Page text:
Gaithersburg Police Chief Also Collects Disability Pension From Montgomery County
Monday, March 9, 2009
After a long and distinguished career with the Montgomery County Police Department, John King made a request similar to that made by many Montgomery colleagues before him: He applied for a disability retirement pension, citing injuries first suffered years earlier.
But King's case had its own twist. He was about to start a second career as a police chief in Gaithersburg, a city in the county. His disability package application was approved, and he is now in his second year as chief. His total compensation tops $200,000.
To critics of Montgomery's police disability system, King's retirement shows how department veterans can cash out long after they've stopped performing the most physically demanding parts of a police officer's job. To his supporters, he is being justly compensated for years of working in pain and has done nothing wrong.
The case has caught the attention of federal authorities. The U.S. attorney's office in Maryland has subpoenaed records relating to King's hiring in Gaithersburg and retirement from the county, according to copies of the subpoenas. Prior to accepting the Gaithersburg position, King took a physical fitness test and was medically certified for the job, according to city attorney Lynn Board. Prosecutors have declined to comment.
At the request of The Washington Post, King's attorney allowed a reporter to review some of King's medical records that were submitted to Gaithersburg and county officials in 2007, the year he applied for disability and switched jobs. They show him clearly suffering from back pain.
King originally hurt his back in the early 1980s, when he and others had to subdue a violent suspect high on PCP in a hospital room. He again hurt his back in a car wreck and in 1993 while "lifting and carrying illegal drugs to an incinerator," the records state.
By 2001, medical tests showed, King had herniated disks in his back, for which he was treated with an epidural injection. He was named assistant chief in 2002, a position described as largely sedentary.
To qualify for disability benefits, Montgomery officers have long had to establish only that they weren't able to do any single aspect of police work. The Montgomery assistant chief job description carried a catch-all phrase: "Performs other related duties including those of sworn officers generally."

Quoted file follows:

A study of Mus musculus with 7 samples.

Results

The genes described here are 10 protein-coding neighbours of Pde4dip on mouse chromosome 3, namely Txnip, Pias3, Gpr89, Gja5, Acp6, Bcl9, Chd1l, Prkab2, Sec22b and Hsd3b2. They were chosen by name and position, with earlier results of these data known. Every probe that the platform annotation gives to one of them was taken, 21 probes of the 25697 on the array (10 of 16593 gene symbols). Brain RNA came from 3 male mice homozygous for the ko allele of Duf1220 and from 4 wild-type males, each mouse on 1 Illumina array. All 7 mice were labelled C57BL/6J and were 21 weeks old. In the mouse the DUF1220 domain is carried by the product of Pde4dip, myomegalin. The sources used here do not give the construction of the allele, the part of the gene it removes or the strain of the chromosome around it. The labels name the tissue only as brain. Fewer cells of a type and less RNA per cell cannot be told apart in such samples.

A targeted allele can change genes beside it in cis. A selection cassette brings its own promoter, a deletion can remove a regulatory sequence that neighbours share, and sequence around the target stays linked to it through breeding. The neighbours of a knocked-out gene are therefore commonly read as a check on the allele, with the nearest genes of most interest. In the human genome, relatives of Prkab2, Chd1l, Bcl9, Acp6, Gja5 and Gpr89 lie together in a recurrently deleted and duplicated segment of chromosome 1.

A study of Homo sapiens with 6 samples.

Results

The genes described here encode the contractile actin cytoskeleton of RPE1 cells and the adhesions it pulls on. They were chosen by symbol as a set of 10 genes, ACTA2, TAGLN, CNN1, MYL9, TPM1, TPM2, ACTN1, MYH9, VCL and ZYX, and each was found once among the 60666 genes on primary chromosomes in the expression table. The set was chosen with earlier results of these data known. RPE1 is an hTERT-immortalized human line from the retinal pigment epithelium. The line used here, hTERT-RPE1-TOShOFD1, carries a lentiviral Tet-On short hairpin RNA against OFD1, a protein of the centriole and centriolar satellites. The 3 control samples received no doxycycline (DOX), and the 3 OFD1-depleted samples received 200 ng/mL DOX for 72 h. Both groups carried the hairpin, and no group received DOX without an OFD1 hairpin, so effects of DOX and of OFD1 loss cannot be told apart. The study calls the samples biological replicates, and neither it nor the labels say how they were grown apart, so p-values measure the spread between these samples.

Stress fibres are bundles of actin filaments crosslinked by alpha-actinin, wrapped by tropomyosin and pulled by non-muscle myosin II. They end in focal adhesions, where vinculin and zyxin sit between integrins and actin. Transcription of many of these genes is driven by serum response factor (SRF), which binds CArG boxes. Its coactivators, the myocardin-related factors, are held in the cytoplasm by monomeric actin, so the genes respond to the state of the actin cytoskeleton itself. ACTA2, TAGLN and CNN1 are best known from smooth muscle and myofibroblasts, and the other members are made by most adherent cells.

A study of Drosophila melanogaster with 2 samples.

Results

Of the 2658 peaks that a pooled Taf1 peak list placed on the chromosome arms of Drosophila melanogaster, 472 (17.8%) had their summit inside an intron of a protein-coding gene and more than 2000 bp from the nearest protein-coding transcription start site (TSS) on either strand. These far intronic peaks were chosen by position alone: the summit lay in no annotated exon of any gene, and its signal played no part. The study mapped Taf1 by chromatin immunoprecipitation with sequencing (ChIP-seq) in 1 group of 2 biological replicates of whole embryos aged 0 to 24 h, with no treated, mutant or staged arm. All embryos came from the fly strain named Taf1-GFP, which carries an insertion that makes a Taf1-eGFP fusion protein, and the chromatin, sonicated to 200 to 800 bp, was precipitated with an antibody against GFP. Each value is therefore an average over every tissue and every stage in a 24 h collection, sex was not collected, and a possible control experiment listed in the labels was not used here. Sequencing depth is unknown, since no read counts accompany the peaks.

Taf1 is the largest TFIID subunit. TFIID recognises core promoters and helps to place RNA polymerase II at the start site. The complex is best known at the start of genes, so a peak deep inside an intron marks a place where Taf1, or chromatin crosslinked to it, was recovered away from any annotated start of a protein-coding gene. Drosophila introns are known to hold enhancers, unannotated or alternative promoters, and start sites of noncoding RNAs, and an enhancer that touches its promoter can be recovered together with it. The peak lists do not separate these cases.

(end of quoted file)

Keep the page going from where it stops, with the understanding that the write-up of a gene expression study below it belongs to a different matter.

By spring 2007, Gaithersburg officials were talking to King about becoming their police chief. That April, he completed the fitness test. His results were mixed, according to a copy of the test. He scored in the upper level for leg, back and core strength and pulled a 160-pound dummy 60 feet. But his agility run was slow, placing him in the lowest of 20 brackets. King also was labeled a "medium risk" of back injury. The performance was good enough for him to become a member of the Gaithersburg force, city officials said.
On April 23, 2007, King accepted the Gaithersburg job. Three days later, according to city e-mails, he told Gaithersburg City Manager David B. Humpton he would be putting in for a disability pension from the county.
In an e-mail, King asked Margaret Kee, Gaithersburg's human resources director, to change the job description of the position he'd just accepted from "police officer" to "chief of police." State regulations require a physical fitness test to become a police officer but not to become a chief or assistant chief.
A county panel reviewing King's disability application sent him for an independent medical evaluation by a Johns Hopkins-affiliated orthopedist, who reported that he had reviewed Maryland state law and thought King's degenerative lumbar disk disease would interfere with work as an "officer" but not as a "chief."
Montgomery awarded him a tax-free disability pension of an estimated $88,000 for fiscal 2008, which represented better terms than a normal retirement.
"It's a contractual benefit," said Richard Finci, King's attorney. "He was entitled to it because he was injured."
Gaithersburg changed King's job description to chief of police in his second year. Kee, now Margaret Daily, said she initially resisted the change, believing it was unfair to those who might have applied had there been no physical fitness requirement. She eventually changed it at the request of Jim Arnoult, acting city manager, according to a 2008 e-mail from Arnoult to her. Reached last week, Gaithersburg Mayor Sidney A. Katz declined to comment on King's county disability retirement but said he is doing a "fabulous job."